With construction obstacles and increasing costs, Mehlville Superintendent Eric Knost said he was considering another location for the .
The superintendent told the school board Wednesday that he asked to examine moving the proposed auditorium from the north side of to the south side.
(See attached PDF of the north side proposal.)
Knost cited problems with utility and large sewer lines at the north side location as well as soft soil. Although re-routing the sewer line would increase costs, Knost said the project could still be done within the $6 million cap.
“But if we can get it done in a situation where we don’t have to move utilities and we don’t have that expense, well then maybe ultimately it makes a better auditorium because of it,” Knost said.
The district is through money saved from purchasing Certificates of Participation already built into the budget. Chief Financial Officer Noel Knobloch said the district would earn $6 million over 7 years. The board placed that amount as a cap for the project.
“I’m adamant that we’re going to do this for $6 million,” Knost said. “We know a lot more about this area because there’s been construction in recent years.”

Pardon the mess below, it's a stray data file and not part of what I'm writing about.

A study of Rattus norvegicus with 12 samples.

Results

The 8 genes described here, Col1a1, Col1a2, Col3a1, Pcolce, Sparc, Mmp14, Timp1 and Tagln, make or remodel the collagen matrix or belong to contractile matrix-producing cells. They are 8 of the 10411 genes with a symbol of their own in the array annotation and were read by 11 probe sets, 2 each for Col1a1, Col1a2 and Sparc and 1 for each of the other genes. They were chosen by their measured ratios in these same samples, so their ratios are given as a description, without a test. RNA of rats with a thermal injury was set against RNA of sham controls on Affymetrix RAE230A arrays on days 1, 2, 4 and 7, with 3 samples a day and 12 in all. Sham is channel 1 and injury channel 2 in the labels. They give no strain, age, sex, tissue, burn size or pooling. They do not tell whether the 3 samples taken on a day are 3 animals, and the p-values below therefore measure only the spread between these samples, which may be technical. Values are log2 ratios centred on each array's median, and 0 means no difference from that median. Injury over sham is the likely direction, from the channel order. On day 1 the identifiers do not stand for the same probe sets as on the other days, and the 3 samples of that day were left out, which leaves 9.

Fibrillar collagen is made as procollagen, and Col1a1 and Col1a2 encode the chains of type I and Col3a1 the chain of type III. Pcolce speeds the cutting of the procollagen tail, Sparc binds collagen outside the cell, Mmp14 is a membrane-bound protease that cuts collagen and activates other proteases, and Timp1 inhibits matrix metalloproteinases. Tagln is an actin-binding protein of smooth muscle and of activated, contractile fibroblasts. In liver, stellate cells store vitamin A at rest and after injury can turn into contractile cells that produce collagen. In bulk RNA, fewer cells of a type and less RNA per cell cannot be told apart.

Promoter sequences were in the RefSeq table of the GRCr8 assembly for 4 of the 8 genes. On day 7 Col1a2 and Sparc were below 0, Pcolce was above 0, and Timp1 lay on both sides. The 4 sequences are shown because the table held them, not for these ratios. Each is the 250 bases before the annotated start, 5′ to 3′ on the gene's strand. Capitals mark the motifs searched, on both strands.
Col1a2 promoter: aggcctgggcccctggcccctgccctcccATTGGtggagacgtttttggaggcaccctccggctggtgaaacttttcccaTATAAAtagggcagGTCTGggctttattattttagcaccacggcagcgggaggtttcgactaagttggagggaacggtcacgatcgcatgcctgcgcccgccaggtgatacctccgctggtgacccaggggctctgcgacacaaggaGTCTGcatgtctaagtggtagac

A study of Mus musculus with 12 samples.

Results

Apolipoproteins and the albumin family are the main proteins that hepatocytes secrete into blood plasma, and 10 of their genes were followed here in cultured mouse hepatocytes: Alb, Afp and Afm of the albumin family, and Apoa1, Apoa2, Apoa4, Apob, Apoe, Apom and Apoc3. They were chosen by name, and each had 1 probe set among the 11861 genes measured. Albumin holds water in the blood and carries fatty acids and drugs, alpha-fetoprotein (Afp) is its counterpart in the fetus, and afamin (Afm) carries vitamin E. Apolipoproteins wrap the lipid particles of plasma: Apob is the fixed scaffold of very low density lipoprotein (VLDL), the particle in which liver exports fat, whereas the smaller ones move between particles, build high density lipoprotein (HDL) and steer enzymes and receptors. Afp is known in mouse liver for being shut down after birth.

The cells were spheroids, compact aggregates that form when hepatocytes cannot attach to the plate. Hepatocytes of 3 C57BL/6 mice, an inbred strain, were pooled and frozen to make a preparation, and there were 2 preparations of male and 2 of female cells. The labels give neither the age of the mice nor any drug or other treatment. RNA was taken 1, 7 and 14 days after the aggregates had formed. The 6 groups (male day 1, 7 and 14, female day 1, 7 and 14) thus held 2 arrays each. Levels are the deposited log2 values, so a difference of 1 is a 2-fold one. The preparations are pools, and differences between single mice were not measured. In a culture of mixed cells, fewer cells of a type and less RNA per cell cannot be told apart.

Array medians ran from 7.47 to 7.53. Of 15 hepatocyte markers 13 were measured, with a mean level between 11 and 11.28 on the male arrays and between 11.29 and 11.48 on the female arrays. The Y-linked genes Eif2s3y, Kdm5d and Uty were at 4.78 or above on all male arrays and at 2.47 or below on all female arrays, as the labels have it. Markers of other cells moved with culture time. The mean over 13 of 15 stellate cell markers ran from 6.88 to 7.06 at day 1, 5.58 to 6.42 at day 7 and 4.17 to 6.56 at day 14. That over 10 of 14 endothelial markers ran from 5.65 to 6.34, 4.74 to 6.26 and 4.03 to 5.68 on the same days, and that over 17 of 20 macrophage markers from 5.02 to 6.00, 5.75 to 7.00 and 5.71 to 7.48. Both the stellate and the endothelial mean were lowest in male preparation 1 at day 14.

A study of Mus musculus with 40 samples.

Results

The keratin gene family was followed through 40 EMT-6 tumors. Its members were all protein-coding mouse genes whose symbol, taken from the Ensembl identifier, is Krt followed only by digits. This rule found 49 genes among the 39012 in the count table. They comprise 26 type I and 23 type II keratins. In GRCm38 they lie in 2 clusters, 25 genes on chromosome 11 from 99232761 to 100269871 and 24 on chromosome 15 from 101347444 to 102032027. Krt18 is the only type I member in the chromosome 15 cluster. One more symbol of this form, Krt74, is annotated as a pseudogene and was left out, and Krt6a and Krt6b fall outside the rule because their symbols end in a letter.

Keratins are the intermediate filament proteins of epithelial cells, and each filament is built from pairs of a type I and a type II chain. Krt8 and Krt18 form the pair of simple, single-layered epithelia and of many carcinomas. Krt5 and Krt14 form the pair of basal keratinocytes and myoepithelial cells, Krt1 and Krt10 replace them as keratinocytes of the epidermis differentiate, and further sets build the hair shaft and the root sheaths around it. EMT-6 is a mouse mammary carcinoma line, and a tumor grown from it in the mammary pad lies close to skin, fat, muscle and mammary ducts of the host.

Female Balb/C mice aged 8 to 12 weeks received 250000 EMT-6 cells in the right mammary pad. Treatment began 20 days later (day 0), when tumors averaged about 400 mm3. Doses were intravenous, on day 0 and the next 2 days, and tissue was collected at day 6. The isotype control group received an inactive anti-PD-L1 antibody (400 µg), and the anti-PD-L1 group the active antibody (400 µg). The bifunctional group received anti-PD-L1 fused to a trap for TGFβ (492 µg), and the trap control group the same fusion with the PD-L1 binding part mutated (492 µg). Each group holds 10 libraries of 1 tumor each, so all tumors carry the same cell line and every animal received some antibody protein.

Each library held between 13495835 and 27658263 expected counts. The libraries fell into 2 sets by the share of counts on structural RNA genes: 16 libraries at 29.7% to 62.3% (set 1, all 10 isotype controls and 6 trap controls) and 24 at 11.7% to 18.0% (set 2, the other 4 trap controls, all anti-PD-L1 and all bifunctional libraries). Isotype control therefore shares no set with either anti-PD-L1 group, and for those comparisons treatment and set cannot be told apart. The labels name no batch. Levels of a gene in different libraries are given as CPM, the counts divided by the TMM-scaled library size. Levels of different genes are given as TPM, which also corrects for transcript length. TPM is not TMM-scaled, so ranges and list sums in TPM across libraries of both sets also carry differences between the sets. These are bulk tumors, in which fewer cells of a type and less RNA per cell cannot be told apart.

This is the third proposed location for the auditorium. The , which Knost ruled out because it compromised too much of the original structure.
When board member Elaine Powers shared her concern about the multiple locations, Knost said it was a process of due diligence, finding the best auditorium for $6 million.
“It’s still possible that we could have gotten that done here (at the north location). I don’t want to say that’s not possible, but I like the idea of doing a project without having to worry about those utility issues,” Knost said, adding there were more possible locations.
The superintendent also said he was concerned about the disruption to the football and baseball fields during construction with the north location. Construction is slated to begin this summer with completion in August 2013.
Board member Ron Fedorchak said he supported the $6 million cap, but didn’t want to build a subpar auditorium because of that limit.
“I would encourage you to bring those (extra) costs to us if they’re legitimate and if we have a concrete number that we can evaluate if you need more money to do this thing right," he said. "I don’t want to do a patchwork building and have it fall apart in 10 years."
“We’ve come out to the taxpayers and said we’re going to do this within $6 million,” board member Mark Stoner said. “So to come back and say it’s going to cost $6.1 or $6.2 or $6.3, I’d have a real hard time bringing that to the taxpayers… they’ve seen too much of that in the past.”
Knost said if estimates topped $6 million, he would come back to the board so they could to approve or reject the project.
The superintendent hopes to have new drawings at the May 10 board meeting.